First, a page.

With his new act, Martin Lacey, Jr. wants to break a world record.
In Europe, January is traditionally the month of circus festivals. The festivals in Monte Carlo, Massy, and Paris are three of the most prestigious festivals, but this January another event electrified the circus scene in Europe and beyond: in Munich’s Circus Krone building, Golden Clown winner Martin Lacey, Jr. presented his new cage act.
Lacey’s aim is to present the world’s largest wild animal group ever. To achieve this goal, he needs 27 animals in the ring. Currently he is working with 23 lions—white and normal colored ones—and three tigers in one ring. Even though one animal is still missing for the world record, this new act is already an incomparable spectacle. Lacey doesn’t just rely on the size of his group to impress; he also presents a lot of difficult tricks with his animals, all of which were born under Lacey’s custody.
Circus journalist Markus Moll described Lacey’s 30-minute act in the February issue of CircusZeitung:
“At the beginning of the performance, a male lion named Baluga, who shows off a large mane, comes into the ring along with three tigers. One of the tigers jumps over two of his companions; then two tigers put themselves up on their animal partners by placing their front paws on their partners’ backs. After this prologue, the cage gets filled with the entire 26-member predator pack. Half of the animals build a pyramid on the pedestals in the back of the cage, seven brown lions get up on the bars of the cage, and seven white lions are animated at the same time to sit high. This creates a great display with all the animals. Many more tricks follow: four lions lie between platforms, while five other lions jump along the cage and across these platforms. Twenty animals form themselves into two large ‘carpets.’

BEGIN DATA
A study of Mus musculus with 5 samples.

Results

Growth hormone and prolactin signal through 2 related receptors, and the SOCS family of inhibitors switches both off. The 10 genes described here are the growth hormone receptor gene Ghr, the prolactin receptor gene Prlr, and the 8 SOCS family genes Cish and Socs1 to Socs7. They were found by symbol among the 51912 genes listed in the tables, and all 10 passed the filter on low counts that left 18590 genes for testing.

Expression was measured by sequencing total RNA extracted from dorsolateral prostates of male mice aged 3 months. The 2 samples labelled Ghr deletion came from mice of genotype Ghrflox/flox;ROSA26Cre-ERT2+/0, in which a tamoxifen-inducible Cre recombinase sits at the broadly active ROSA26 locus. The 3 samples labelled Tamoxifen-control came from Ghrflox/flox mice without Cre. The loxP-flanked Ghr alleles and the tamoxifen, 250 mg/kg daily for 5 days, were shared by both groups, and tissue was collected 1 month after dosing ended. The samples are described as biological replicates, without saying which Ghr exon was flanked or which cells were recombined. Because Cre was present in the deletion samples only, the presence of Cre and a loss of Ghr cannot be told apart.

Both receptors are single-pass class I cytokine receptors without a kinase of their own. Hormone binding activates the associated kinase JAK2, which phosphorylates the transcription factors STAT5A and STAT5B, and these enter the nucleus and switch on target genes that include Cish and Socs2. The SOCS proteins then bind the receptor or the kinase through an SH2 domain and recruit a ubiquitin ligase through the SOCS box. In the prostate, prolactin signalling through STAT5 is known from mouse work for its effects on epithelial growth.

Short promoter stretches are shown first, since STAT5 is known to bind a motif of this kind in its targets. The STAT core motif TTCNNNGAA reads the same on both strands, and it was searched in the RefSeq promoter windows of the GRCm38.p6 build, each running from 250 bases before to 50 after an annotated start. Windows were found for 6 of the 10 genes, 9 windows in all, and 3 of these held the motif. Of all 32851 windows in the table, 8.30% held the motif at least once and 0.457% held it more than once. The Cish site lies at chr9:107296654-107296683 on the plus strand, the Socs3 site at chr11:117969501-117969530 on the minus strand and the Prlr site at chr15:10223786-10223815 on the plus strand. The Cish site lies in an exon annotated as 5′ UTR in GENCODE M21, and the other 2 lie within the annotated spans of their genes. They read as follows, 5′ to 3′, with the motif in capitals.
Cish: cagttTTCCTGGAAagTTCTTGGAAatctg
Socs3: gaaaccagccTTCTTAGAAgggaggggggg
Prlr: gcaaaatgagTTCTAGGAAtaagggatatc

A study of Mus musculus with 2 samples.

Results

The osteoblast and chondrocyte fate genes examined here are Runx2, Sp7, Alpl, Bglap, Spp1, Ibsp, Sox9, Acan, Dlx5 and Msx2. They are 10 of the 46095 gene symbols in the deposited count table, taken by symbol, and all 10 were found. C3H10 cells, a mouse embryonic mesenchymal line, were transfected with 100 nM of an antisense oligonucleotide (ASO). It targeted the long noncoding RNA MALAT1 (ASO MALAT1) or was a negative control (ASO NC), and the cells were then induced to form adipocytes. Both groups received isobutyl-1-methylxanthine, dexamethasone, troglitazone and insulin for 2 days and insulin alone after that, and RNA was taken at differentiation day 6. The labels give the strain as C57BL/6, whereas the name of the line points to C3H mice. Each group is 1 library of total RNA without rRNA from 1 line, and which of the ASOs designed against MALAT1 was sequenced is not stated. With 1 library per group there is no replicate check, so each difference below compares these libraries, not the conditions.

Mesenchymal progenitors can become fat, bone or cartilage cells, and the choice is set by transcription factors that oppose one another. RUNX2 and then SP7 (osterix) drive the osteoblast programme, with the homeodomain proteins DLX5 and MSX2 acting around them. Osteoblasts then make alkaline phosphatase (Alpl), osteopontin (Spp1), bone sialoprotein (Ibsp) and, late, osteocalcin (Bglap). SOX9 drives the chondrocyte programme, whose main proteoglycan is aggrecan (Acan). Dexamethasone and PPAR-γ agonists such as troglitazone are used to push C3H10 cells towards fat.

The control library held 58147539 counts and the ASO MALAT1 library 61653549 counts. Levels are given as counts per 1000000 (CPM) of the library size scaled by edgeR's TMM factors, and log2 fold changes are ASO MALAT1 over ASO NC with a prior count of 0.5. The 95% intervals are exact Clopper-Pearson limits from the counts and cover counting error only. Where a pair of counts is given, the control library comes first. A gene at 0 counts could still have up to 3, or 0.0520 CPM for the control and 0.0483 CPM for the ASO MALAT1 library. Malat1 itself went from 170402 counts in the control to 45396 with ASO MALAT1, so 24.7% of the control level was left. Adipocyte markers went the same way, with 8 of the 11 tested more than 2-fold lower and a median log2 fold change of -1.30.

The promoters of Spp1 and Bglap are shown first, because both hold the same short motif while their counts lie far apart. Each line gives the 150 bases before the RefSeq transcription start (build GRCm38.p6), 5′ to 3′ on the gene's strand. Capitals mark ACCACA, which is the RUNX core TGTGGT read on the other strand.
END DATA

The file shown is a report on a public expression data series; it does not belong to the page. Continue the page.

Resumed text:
“In the midst of all the animals on their pedestals, Lacey daringly parries the wild feint of a male lion. He lies down on the ground and gets covered up by four animals. A lion lays his front paws on Lacey’s shoulders. This trick is followed by two tigers walking forward on their hind legs. Two lions even jump over Lacey, and before they leave the cage at the very end of the act, Lacey lies down on the large-maned lion Baluga. Finally, he is alone again in the cage, bathed in sweat. The audience jumped out of their seats. Giant applause. Giant jubilation.”
Laceys new act is also remarkable because as circuses have come under increasingly extreme pressure from animal activists, who want to ban wild animals from the circus ring, it has seemed that acts with such a large number of animals would be relegated to the past. But fortunately Lacey is able to prove with his new act that the circus with wild animals is still alive.
For years Lacey and his older brother Alexander Lacey, who is performing in Ringling these days, have fought on the front line against activists’ attempts to ban wild animals from circus. As part of their campaign, they have constantly improved the way they keep their animals. Lacey’s animals, for example, live in huge facilities outside the circus tent. He invites the audience to his rehearsals on a regular basis, so that they can see for themselves that animal training is not based on cruelty, but rather on trust and positive reinforcement. Many organizations, including the European Circus Association, a union of animal trainers, and a private group of circus fans called Animals Belong to the Circus, support Lacey and other animal trainers who treat their four-legged protégés in the best possible way.
Those who are curious about Martin Lacey’s new act have two upcoming chances to see it live. First, Lacey is performing in the second winter program of Circus Krone in its circus building in Munich through the end of February. Second, Lacey’s new achievement will be part of Krone’s upcoming summer tour, which will lead Europe’s biggest circus through many German towns.
CircusZeitung is a monthly print magazine about circus, variety, and beyond. It features reviews, portraits, and news. Its focus lies on the German-speaking countries Germany, Austria, and Switzerland, but it also has a regular view on the rest of Europe and overseas. The CircusZeitung is published by the Gesellschaft der Cirsfreunde and produced by the Circus Veg/Planet Circus.